By Carol Cole-Frowe
Extreme droughts will come again, said Randy Worden, district manager of the Central Oklahoma Conservation District or COMCD.
And when drought comes, the three member cities of the COMCD -- Norman, Midwest City and Del City -- need to have more water resources at hand, he said. COMCD manages Lake Thunderbird primarily to provide raw water to the three municipalities, along with flood control and recreational activities like fishing and sailing.
Worden and environmental consultants from Tetra Tech spoke at a public meeting Tuesday at the Lake Thunderbird Boat House to launch an environmental assessment or EA exploring the effects of bringing additional water to the lake from southeastern Oklahoma.
"We are long overdue for an extended drought," Worden said.
The Lake Thunderbird Critical Need Water Supply Project would seek an agreement with the City of Oklahoma City to purchase augmentation water and draw that water from the Atoka pipeline which conveys water from Lake Atoka in southeastern Oklahoma to Lake Stanley Draper in southeast Oklahoma City.
Lake Thunderbird is a federally owned water storage facility holding 21,600 acre feet or 7 billion gallons a year, and was built in 1965. It falls under the jurisdiction of the U.S. Department of the Interior, Bureau of Reclamation. And because it's federally owned, an environmental assessment is required to be in compliance with the National Environmental Policy Act.
The proposal would augment Thunderbird's water with 4,600 acre feet during drought periods. An acre foot is is the amount of water needed to cover an acre, one foot deep in water, or 312,851 gallons. The extra water could potentially be transferred when the lake is down to 1,036 feet above sea level, although that is not a firm number, Worden said.
Lake officials' most recent drought scare was in 2006.
The levels at Lake Thunderbird dropped to 59.75 percent of the conservation pool and a level of about 1,030 feet on March 30, 2006, the lowest level in about three decades and leaving wide expanses of exposed red-dirt shore lines. It was a situation that COMCD board member Steven Jones said at the time could require emergency action if it continued. But a strong downpour the next day brought the conservation pool back up to 71 percent, raising the elevation 2.3 feet to 1,033.45 feet above sea level.
"That prompted us to find additional water if that were to happen again," Worden said.
The Atoka pipeline skirts the edges of Lake Thunderbird's tributary Hog Creek en route to its destination of Draper Lake. And there are three options being explored.
One would use a short buried pipeline connection from the Atoka pipeline to an existing valve near Franklin Road to a discharge point in the existing Willow Branch Creek.
Another option would involve constructing a buried pipeline along right-of-way on Franklin Road from the same connection point to the Atoka pipeline and a discharge point in Lake Thunderbird.
A third option would be a buried pipeline at the north end of the lake. It would involve constructing a short buried pipeline connection from the Atoka pipeline west of the intersection of Bethel Road and 144th Avenue NE to a discharge point in Lake Thunderbird.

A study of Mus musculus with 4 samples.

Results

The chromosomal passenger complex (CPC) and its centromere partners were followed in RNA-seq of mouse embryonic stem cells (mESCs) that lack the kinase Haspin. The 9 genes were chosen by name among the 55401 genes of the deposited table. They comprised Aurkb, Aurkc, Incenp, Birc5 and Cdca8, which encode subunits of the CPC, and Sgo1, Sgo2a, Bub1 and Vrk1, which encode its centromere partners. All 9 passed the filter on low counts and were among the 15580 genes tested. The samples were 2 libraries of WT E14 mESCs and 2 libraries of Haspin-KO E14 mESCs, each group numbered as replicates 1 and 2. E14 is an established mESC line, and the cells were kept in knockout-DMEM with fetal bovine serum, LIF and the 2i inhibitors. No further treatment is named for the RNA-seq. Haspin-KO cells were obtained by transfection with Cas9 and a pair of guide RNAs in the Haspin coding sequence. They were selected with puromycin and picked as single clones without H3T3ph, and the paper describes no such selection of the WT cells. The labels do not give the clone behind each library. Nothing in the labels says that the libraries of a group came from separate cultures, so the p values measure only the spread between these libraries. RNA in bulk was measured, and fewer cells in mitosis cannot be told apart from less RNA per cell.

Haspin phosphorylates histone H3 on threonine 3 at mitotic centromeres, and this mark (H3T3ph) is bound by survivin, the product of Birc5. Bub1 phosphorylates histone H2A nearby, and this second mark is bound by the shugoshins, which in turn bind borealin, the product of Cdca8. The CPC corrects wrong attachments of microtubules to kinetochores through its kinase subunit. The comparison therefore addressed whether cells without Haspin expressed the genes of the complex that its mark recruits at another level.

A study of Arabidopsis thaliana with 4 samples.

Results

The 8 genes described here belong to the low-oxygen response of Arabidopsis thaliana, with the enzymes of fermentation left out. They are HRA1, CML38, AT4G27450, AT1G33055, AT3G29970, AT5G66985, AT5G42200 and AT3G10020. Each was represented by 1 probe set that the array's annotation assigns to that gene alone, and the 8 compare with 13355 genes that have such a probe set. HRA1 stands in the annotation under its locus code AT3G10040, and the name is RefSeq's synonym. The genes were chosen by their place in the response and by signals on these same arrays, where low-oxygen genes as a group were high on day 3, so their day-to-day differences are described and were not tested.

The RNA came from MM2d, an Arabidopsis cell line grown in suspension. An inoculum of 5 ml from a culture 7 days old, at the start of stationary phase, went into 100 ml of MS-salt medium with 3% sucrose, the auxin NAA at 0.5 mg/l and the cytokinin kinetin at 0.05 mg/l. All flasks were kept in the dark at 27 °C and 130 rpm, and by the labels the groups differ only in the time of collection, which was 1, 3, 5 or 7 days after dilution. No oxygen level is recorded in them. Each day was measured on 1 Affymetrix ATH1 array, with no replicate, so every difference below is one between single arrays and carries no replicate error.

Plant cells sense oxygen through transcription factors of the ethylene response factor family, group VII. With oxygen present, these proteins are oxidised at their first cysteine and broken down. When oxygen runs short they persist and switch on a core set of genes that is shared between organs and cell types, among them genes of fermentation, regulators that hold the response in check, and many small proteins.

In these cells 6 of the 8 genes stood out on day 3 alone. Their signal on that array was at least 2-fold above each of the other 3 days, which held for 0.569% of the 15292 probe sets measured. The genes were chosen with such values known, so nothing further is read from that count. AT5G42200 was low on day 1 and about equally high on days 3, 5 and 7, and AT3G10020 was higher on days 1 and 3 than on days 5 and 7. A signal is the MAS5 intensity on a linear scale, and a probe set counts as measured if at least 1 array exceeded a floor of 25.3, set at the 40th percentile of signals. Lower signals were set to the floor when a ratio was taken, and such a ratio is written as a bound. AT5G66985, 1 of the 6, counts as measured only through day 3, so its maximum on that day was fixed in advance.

The environmental assessment will consider resources areas including climate, air resources, water resources, biological resources, socioeconomics, cultural resources, public health and safety, hazardous and toxic substances, transportation, utilities, land use, recreation and aesthetics.
Tuesday's meeting was the scoping meeting part of the environmental assessment.
Attendees had several questions.
Judith Wilkens asked about how habitat around the lake would be affected.
David Broadfoot, senior environmental planner and scientist from Tetra Tech, said it would be part of the study of biological resources.
"Everything that's green and not green," Broadfoot said.
Norman Mayor Cindy Rosenthal asked if the water quality coming in would affect the algae in the lake.
"I know the general water quality coming in would be better," Rosenthal said.
"We don't have that answer," Broadfoot said, but said they would be studying that question.
Norman City Manager Steve Lewis asked how much each option would cost.
"We're not there yet," Worden said.
"That would be the next step," said Srini Sundaramoorthy, project manager with Tetra Tech.
Worden said concerns that they would start filling the lake with the extra water and then there would be a large rainfall would not cause problems.
"We can't fill it up overnight," Worden said of Lake Thunderbird.
Norman resident Mark Zahourek asked about the City of Norman's recent consideration of selling water to Goldsby.
"What (cities) do with the water is their business," Worden said.
But Norman Utilities Director Ken Komiske said councilmembers were not in favor of the Goldsby water sale.
Keith Thomas asked about invasive species arriving in Lake Thunderbird via the water transfer, specifically the zebra mussel.
Worden said although the zebra mussel was not at Lake Thunderbird, it was present in Lake Texoma.
"The greatest potential ... is taking boats from one place to another," Worden said.
He said Baxter and Jean Vieux of Vieux and Associates would also be involved in the assessment.
"This EA study is just one part of the puzzle," he said. "In order to import water, we have to get federal authorization."
The scoping period looking for public comments will continue through Sept. 30. Comments may be made to Worden at COMCD by phone at 329-5228; by fax at 321-6944; or by e-mail at email@example.com.
The draft EA is planned to be available about Dec. 1. The final EA is expected to be available Jan. 31, 2010. Those wanting to be notified when the draft or final EAs are available can contact COMCD.